Harry Olympio


First period in government, 2000 attack dispute[edit]

Olympio, the cousin of Union of Forces for Change (UFC) President Gilchrist Olympio,[1] was appointed Minister for the Promotion of Democracy and the Rule of Law in 1998;[1][2] as a result of his acceptance of a position in the government, he was widely considered a traitor by the opposition.[1] After Amnesty International released a report in May 1999 alleging that hundreds of opposition supporters had been killed in the wake of the controversial June 1998 presidential election, Olympio criticized the report as being "characterized by its frivolousness"; he said that an inquiry should be conducted under the auspices of the United Nations and the Organization of African Unity.[3]

He was also the head of the Joint Follow-up Committee, involved in preparations for a planned parliamentary election,[1] when on May 5, 2000 he was allegedly the victim of an attack[1][4][5] near his office in Lomé.[1] According to an official inquiry into this attack,[5] he organized the attack on himself,[4][5] assisted by his brother Antonio Olympio. Olympio denied this accusation,[4] but on June 16, 2000 his dismissal as Minister for the Promotion of Democracy and the Rule of Law was announced.[5] Some suspected that the attack was actually the work of the security forces.[1]

2001 arrest[edit]

In 2001, Olympio was arrested and convicted in a "seriously flawed" trial for the production and possession of explosives. He was sentenced to 18 months in prison and fined $500 (360,000 CFA francs); however, President Gnassingbé Eyadéma pardoned him in 2001.[6]

2002 parliamentary election, second period in government[edit]

The RSDD participated in the October 2002 parliamentary election,[7] despite the opposition boycott of the election; Olympio said that "the leaders of the traditional opposition have run out of new ideas, and they must bow out".[8] Olympio was again appointed to the government as Minister in charge of Relations with Parliament on December 3, 2002.[9][10][11] He was kept in that position in the government named on July 29, 2003,[12] but he promptly resigned on August 4, saying that he had already made clear to Prime Minister Koffi Sama, prior to the announcement of the new government, that he was unwilling to remain in his previous position and would only serve in the government if he was given "the opportunity to work for peace and national reconciliation". It was suggested that he had wanted the post of Minister of Justice, with combined responsibility for national reconciliation.[13]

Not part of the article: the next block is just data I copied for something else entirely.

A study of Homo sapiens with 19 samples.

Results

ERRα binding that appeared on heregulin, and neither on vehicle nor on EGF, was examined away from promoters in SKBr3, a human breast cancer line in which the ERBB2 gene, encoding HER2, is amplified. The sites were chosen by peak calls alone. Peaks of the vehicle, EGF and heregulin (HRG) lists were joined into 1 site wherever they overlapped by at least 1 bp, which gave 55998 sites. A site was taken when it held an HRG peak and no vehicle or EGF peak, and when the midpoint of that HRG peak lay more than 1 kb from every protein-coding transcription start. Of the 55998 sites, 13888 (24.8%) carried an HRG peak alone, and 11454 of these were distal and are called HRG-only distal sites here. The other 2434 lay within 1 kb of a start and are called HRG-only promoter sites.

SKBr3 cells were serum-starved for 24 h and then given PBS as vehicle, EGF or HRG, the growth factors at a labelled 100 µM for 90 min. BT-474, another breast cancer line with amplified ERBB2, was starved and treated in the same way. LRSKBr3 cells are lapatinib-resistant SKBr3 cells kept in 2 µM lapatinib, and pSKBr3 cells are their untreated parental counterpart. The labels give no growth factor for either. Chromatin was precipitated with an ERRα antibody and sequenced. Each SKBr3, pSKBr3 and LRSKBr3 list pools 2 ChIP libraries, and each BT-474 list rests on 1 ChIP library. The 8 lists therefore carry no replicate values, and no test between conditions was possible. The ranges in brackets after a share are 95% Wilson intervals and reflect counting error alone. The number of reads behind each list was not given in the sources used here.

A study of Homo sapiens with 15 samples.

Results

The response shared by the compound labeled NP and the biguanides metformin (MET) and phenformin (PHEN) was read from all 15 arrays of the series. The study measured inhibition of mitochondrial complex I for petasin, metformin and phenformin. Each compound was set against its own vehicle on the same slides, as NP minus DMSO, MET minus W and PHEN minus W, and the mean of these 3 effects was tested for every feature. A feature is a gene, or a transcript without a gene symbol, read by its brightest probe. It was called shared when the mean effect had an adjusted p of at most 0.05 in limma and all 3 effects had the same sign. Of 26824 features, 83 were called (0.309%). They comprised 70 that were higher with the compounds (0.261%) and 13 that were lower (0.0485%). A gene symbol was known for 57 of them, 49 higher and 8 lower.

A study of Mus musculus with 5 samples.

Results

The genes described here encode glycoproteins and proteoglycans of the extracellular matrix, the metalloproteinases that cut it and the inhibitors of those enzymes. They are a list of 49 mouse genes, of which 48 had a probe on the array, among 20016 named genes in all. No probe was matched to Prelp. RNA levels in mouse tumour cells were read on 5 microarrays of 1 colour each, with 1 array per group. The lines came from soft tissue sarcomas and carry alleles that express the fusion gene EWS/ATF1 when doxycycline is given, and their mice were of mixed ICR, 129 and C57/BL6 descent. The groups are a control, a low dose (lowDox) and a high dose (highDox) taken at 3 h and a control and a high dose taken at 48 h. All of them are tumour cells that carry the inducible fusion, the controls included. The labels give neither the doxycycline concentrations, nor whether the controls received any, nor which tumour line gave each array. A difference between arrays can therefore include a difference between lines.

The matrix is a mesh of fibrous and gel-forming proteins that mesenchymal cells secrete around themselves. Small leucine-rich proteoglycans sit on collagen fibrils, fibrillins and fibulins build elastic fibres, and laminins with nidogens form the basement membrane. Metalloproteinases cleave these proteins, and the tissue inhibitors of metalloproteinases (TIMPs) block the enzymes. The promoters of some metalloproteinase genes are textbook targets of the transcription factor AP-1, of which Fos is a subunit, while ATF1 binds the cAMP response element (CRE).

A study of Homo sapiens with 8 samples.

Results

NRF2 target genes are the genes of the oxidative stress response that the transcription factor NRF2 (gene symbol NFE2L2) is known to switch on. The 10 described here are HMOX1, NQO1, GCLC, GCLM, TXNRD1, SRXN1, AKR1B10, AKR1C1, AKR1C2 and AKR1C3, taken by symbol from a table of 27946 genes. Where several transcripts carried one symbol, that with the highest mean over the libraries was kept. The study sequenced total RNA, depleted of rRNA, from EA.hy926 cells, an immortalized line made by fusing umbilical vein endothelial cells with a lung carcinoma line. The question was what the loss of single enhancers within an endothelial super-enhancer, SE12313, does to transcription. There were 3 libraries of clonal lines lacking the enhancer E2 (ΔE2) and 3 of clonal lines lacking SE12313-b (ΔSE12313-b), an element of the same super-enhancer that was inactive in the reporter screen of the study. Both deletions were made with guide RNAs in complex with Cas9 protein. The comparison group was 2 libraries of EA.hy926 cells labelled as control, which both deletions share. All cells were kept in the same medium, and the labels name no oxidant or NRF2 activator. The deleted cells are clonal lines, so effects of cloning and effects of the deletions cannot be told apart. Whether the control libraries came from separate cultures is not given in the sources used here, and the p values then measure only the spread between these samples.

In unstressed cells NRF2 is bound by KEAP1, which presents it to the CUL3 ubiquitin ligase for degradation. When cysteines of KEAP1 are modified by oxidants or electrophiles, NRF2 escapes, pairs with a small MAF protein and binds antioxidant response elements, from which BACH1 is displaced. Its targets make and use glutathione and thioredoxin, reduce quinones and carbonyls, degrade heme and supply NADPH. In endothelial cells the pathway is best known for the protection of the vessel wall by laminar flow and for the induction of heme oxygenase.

2005 presidential election[edit]

Following the death of President Eyadéma in February 2005, Olympio announced in mid-March that he would be a candidate in the April 2005 presidential election. Although the main opposition coalition united behind the candidacy of Emmanuel Bob-Akitani of the UFC, Olympio said that "the struggle for change is represented by dynamic, youthful leadership", not, in reference to Bob-Akitani's age, "the image of an old man who is not capable of running a hectic race".[14] Olympio received 0.55% of the national vote according to official final results, placing fourth and last.[15]

2006 bomb attack[edit]

In March 2006, Olympio was sought in connection with an alleged petrol bomb attack on police headquarters.[16]


  1. ^ a b c d e f g Morten Hagen and Michelle Spearing, "TOGO - STALLED DEMOCRATIC TRANSITION", Centre for Democracy & Development, November 28, 2000.
  2. ^ "Le gouvernement du Togo, formé le 1er septembre1998", Afrique Express (French).
  3. ^ "TOGO: UN Subcommission calls for respect for human rights", IRIN-WA Update 534, August 23, 1999.
  4. ^ a b c Amnesty International 2001 report on Togo.
  5. ^ a b c d "Togo: Minister for promotion of democracy dismissed", PANA news agency, June 18, 2000.
  6. ^ Togo: Country Reports on Human Rights Practices - 2002, U.S. Department of State, March 31, 2003.
  7. ^ Political Parties of the World (6th edition, 2005), ed. Bogdan Szajkowski, page 592.
  8. ^ "Togo poll without opposition", BBC News, October 25, 2002.
  9. ^ "Les hommes de confiance d’Eyadéma au placard !", Le Togolais, N°21, December 2–8, 2002 (iciLome, January 29, 2003) (French).
  10. ^ List of members of the government of Togo (2002 archive page), presse-francophonie.org (French).
  11. ^ "Dec 2002 - TOGO", Keesing's Record of World Events, Volume 48, December, 2002 Togo, Page 45131.
  12. ^ "Le Togo annonce la composition du nouveau gouvernement", Xinhua (People's Daily), July 31, 2003 (French).
  13. ^ "Crise au sein du nouveau gouvernement : le ministre Harry Olympio démissionne", Tingo Tingo N° 265, August 5, 2003 (iciLome.com, August 8, 2003) (French).
  14. ^ "Togo opposition unity threatened", BBC News, March 18, 2005.
  15. ^ "Faure Gnassingbé déclaré élu président", Union internationale de la presse francophone, May 4, 2005 (French).
  16. ^ "Togo's Olympio 'behind attacks'", BBC News, March 14, 2006.